Saturday, June 23, 2007

Sun, Sun, Sun

This weekend is a busy one for me because I have both social and professional obligations that can not be ignored. So, while I toil away with my writing (which also means cleaning off the dust that never usually bothers me and arranging the cabinets as part of the formulating stages of composition) I figured I would take a short break and share an acrostic poem written by a seven-year-old girl in my class.

She too went through the messy creative process I find myself in today. Her first few attempts at writing in this poetic style resulted in her quiet frustration. By the time she was on a roll, writing workshop was over and the class had moved on to other activities. She however, continued to sit at her writing table and plugged away for the next half hour, such determination! I think because her previous efforts upset her so much that she actually cried it felt thrilling to master this art form and kick it to the curb, so to speak.

When she finally looked up with a smile this is what she had written.

Sun, Sun, Sun

Smiley sun

Up on top

Now you're mine
Sky up above

Under my eyes

New sun shines

Sun wakes up

Under my bed

New sun is not new no more

On Tuesday there is a school talent show and all of the classes were invited to participate. Our students decided that they wanted to perform two things; their ASL poetry and a reenactment of the story of Odysseus and the battle of Troy. Lauren and I let them figure out how to best tell it and sorta stepped back while they fought over roles (the plum roles were Odysseus and Helen of Troy), and negotiate how the story would unfold. As I watched them I began to wonder how this little adult drama would play out for an audience.

They begin with King Menelaus and Helen. The king goes off to bed and Paris walks in. He sees Helen and drops to his knees because she is so beautiful. They instantly hold hands and run off to Troy (stage right). King Menelaus wakes up, looks for Helen in vain and calls for Odysseus to hunt her down. Odysseus gathers up an army and heads off to Troy in a boat. When they arrive a battle ensues (which is really a lot of six-and-seven-year-old mayhem) and some of them drop to the ground. Odysseus and his army flee. Odysseus gets an idea and they 'build' the Trojan Horse. (Here is when the actors always stop to remind the narrator that it's a Trojan Horse not just a horse! Gotta love children's theater). The Trojans see the horse, bring it inside the walls of the city, celebrate, and fall asleep. While they sleep Odysseus and his men sneak out and slaughter them. That is where it pretty much ends.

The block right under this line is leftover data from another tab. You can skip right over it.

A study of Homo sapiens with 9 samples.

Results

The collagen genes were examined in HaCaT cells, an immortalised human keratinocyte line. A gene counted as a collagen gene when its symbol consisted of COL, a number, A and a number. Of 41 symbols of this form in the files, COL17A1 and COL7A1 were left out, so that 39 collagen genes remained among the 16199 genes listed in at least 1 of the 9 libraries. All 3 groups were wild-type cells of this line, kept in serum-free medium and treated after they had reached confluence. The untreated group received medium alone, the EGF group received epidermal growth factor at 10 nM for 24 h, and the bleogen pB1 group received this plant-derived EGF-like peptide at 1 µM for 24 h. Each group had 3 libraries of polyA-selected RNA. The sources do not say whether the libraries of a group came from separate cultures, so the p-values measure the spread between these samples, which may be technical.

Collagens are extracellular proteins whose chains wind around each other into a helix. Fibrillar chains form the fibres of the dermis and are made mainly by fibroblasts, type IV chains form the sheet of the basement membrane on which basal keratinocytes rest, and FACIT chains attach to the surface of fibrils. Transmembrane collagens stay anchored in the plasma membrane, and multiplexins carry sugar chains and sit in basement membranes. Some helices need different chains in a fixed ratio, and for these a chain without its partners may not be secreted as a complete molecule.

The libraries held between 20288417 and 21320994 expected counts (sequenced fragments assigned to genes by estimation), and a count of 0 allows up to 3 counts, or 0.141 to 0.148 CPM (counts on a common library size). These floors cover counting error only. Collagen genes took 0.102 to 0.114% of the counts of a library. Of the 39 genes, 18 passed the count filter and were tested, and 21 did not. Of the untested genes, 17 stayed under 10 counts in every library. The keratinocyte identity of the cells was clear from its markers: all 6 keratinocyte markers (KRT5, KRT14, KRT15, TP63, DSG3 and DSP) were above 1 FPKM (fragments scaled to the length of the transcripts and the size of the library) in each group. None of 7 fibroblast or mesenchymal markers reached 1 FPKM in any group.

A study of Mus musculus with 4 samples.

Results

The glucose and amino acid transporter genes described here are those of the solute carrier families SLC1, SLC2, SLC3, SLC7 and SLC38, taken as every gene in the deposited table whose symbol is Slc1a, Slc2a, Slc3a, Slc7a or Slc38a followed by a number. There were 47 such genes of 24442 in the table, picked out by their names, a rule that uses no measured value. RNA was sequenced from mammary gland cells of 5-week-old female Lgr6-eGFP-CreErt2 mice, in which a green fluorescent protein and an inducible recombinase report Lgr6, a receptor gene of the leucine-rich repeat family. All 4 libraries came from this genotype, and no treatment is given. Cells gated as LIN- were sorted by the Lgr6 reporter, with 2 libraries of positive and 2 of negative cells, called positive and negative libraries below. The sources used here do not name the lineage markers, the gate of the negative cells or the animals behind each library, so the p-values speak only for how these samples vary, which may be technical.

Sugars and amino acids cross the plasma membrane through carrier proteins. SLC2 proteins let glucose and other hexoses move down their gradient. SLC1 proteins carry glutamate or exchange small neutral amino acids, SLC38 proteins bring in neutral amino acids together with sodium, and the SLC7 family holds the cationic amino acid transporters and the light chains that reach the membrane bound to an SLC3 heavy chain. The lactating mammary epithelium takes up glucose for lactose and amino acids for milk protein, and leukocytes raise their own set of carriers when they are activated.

Is that too much? It wasn't until I saw these little bodies playing out this drama that I thought perhaps it is TOO mature a story. But, what's done is done and they really do enjoy it. We'll see what happens on Tuesday.
Break a leg kids.


Joy said...

Great poem!

Reya Mellicker said...

It sounds like a fantastic and ambitious production. Wow!! Can't wait to read the reviews.

MONA said...

awww! How sweet!!!
I love the picture of the sun wearing sun glasses :D!!
& it actually reminds me of Van Gogh, the sun painter who's paintings I had a chance to see at the metropolitan museum of atr NY

I love the poem speccially the last line is very thought provoking..the new sun is not new anymore! It speaks volumes!!

a greek tragedy being enacted. Wow!

lettuce said...

that poem is great, just perfect.

I think its fab. that you're doing the greek stuff with your kids. Too mature? well, certainly not if Grimm isn't! There are a pair of brilliant - truly wonderful - story tellers in the UK (linked to a Cambridge schools education classics project). I saw one live with my LG (by accident) at the British Museum - he was superb. They've done some excellent CDs of Troy. i'll look them up, see if they do much work abroad...

(also, do you know the Percy Jackson books? we've enjoyed them a lot too)

d. chedwick bryant said...

The production sounded great-- I don't think it was too much--we watched cartoons and stories about Troy when we were tiny kids...

Sebastien said...

Beautiful poem! Your kids have such talent!

Haha, I love hearing about the theatrical production. Sounds like a lot of fun. Hmmm, there is a lot of violence though, that slaughter at the end sounds pretty gruesome. In spite what my drawings and writing might lead you to believe, I'm a heavy-duty pacifist.

WAT said...

Wow, you have such a rewarding interesting career! Why haven't I gone into teaching I ask and wasted it away at a meaningless boring office job?!! UGH! You inspire me now!

Hey, that movie TROY is too harsh for the kids now huh? Rated R and all, but still worth watching I'd say.

Pod said...

they'll be great! must be great to be involved in such a thing. hope it goes well. i bet it will be funny!

d. chedwick bryant said...

what are your summer plans?

Gary said...

Thanks everyone for your support of the show. It went very well - no huge applause but the kids were very serious AND funny. I will miss them.

Ched - This summer I am teaching a college course called "Reading Skills for Children with Learning Disabilities" which ends on July 12th. Then Joy and I are heading to Mexico for a week. After that I plan to nap and read. :) You?